Temple, use resident input to shape campus safety improvements

The Editorial Board encourages Temple to take the North Central community’s experience into consideration when making decisions regarding campus safety.

On March 23, senior vice president and chief operating officer, Ken Kaiser, sent out a university-wide announcement with updated plans for ongoing campus safety efforts as they attempt to mitigate increased crime in the area. 

After the fatal shooting of Samuel Collington, a 21-year old senior political science major, last November, Temple announced it would enhance its campus safety through increasing its police force and working alongside the Philadelphia Police Department to cover more ground in off-campus patrolling.

The Editorial Board cannot provide a definitive answer regarding the response to increased safety concerns. Yet, we maintain that parents, fellow students and even TUPD cannot responsibly address these issues without heavy community input. 

Safety is crucial for students to be able to effectively learn and comfortably attend classes, but it’s important that their comfort doesn’t supersede the well-being of North Central residents. 

While all students have different backgrounds and circumstances, the Editorial Board believes it’s important to reiterate that the majority of students are not from the North Central area, and moved to the city willingly to attend Temple. However, many of our neighbors are lifelong residents that do not have the same level of choice regarding where they live and work, regardless of safety.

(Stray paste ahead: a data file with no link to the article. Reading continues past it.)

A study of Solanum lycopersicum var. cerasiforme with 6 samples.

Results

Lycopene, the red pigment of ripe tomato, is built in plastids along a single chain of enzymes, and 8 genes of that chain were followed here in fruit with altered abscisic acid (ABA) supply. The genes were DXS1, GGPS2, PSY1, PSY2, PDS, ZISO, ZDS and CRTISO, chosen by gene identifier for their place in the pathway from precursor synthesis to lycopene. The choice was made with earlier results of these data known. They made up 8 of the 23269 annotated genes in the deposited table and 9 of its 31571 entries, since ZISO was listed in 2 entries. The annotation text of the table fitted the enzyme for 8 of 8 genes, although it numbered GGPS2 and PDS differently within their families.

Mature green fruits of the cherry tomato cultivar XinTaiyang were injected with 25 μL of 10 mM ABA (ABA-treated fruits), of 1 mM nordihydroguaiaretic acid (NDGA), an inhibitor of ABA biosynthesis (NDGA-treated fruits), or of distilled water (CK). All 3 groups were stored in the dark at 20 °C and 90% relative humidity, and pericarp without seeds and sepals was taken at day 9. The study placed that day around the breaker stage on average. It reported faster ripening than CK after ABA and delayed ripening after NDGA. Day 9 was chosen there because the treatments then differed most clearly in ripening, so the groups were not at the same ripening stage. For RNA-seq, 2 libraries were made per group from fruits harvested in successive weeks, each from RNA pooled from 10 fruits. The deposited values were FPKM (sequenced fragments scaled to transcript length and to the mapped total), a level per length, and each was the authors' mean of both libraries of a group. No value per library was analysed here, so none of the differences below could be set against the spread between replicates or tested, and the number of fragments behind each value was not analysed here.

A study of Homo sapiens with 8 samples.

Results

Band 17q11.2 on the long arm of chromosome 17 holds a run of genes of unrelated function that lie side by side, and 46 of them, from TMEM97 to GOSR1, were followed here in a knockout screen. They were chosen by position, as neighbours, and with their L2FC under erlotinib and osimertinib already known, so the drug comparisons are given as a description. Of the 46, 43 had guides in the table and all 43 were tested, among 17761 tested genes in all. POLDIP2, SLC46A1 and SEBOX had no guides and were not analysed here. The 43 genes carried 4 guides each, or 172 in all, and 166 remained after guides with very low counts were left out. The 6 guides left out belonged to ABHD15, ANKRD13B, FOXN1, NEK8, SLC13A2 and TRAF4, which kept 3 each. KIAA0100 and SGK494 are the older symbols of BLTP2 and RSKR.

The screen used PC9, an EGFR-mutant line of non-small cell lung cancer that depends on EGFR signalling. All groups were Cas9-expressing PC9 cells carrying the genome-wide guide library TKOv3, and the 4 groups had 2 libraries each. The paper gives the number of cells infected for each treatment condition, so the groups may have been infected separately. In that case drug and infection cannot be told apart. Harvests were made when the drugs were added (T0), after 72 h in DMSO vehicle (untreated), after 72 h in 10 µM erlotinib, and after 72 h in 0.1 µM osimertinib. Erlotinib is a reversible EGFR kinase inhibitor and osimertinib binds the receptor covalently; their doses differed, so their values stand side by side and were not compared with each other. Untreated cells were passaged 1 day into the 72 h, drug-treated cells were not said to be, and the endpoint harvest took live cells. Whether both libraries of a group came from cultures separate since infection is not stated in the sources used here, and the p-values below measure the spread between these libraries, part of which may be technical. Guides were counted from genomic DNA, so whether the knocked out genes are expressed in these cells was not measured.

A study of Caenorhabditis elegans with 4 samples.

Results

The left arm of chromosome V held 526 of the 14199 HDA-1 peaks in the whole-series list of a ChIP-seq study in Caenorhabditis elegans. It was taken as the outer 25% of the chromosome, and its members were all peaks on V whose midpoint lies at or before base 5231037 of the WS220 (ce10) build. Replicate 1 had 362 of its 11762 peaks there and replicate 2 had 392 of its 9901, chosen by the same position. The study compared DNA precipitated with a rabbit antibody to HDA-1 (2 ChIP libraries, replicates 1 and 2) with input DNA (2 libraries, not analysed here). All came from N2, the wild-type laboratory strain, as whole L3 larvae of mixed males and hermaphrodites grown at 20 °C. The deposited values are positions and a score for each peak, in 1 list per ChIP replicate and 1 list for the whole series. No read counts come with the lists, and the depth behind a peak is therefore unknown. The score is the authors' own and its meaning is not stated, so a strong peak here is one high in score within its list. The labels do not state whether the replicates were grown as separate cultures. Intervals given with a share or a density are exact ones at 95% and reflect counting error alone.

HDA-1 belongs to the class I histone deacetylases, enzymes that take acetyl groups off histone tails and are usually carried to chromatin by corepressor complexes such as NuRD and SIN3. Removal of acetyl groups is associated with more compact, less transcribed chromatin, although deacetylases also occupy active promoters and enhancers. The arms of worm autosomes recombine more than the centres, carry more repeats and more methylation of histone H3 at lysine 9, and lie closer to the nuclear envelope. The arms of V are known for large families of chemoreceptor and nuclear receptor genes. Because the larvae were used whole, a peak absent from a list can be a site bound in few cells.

Despite the university’s receptiveness to parents’ viewpoints, like permitting a parent-led protest on campus last semester, The Editorial Board wants to mention that residents have more expertise on the area and its issues, which is worth more consideration.

The university grouped North Central residents alongside students, faculty and staff as members of the larger Temple community that would benefit from campus safety protections, according to Kaiser’s announcement. The Editorial Board encourages the university to explore the implications of lumping residents and students into the same category.

This is not to say there should be a divide among residents and the Temple community, but rather that these safety changes will not impact students and parents the same way they affect residents. For example, increased patrols may mean more ease for students and parents, but it could pose an increased risk of racial profiling or police brutality for residents who are primarily people of color.

Though there may be some shared goals and interests regarding reducing violence in the area, it’s worth noting that the desires for students and parents may vary from the wants and needs of residents. The North Central community should not just have a say in the issue of increased campus safety, but, at times, control of the conversation when it comes to matters of how increased policing could affect their neighborhoods. 

Even if community voices diverge from the goals of the university, The Editorial Board still maintains residents’ unique and experienced perspectives are valuable to conversations about making North Central a safer, healthier place to live. Not only will we benefit greatly from remembering this as the Temple community moves forward in its safety improvements, but it’s the university’s responsibility to create an open space for residents to discuss the issues that will impact their livelihood.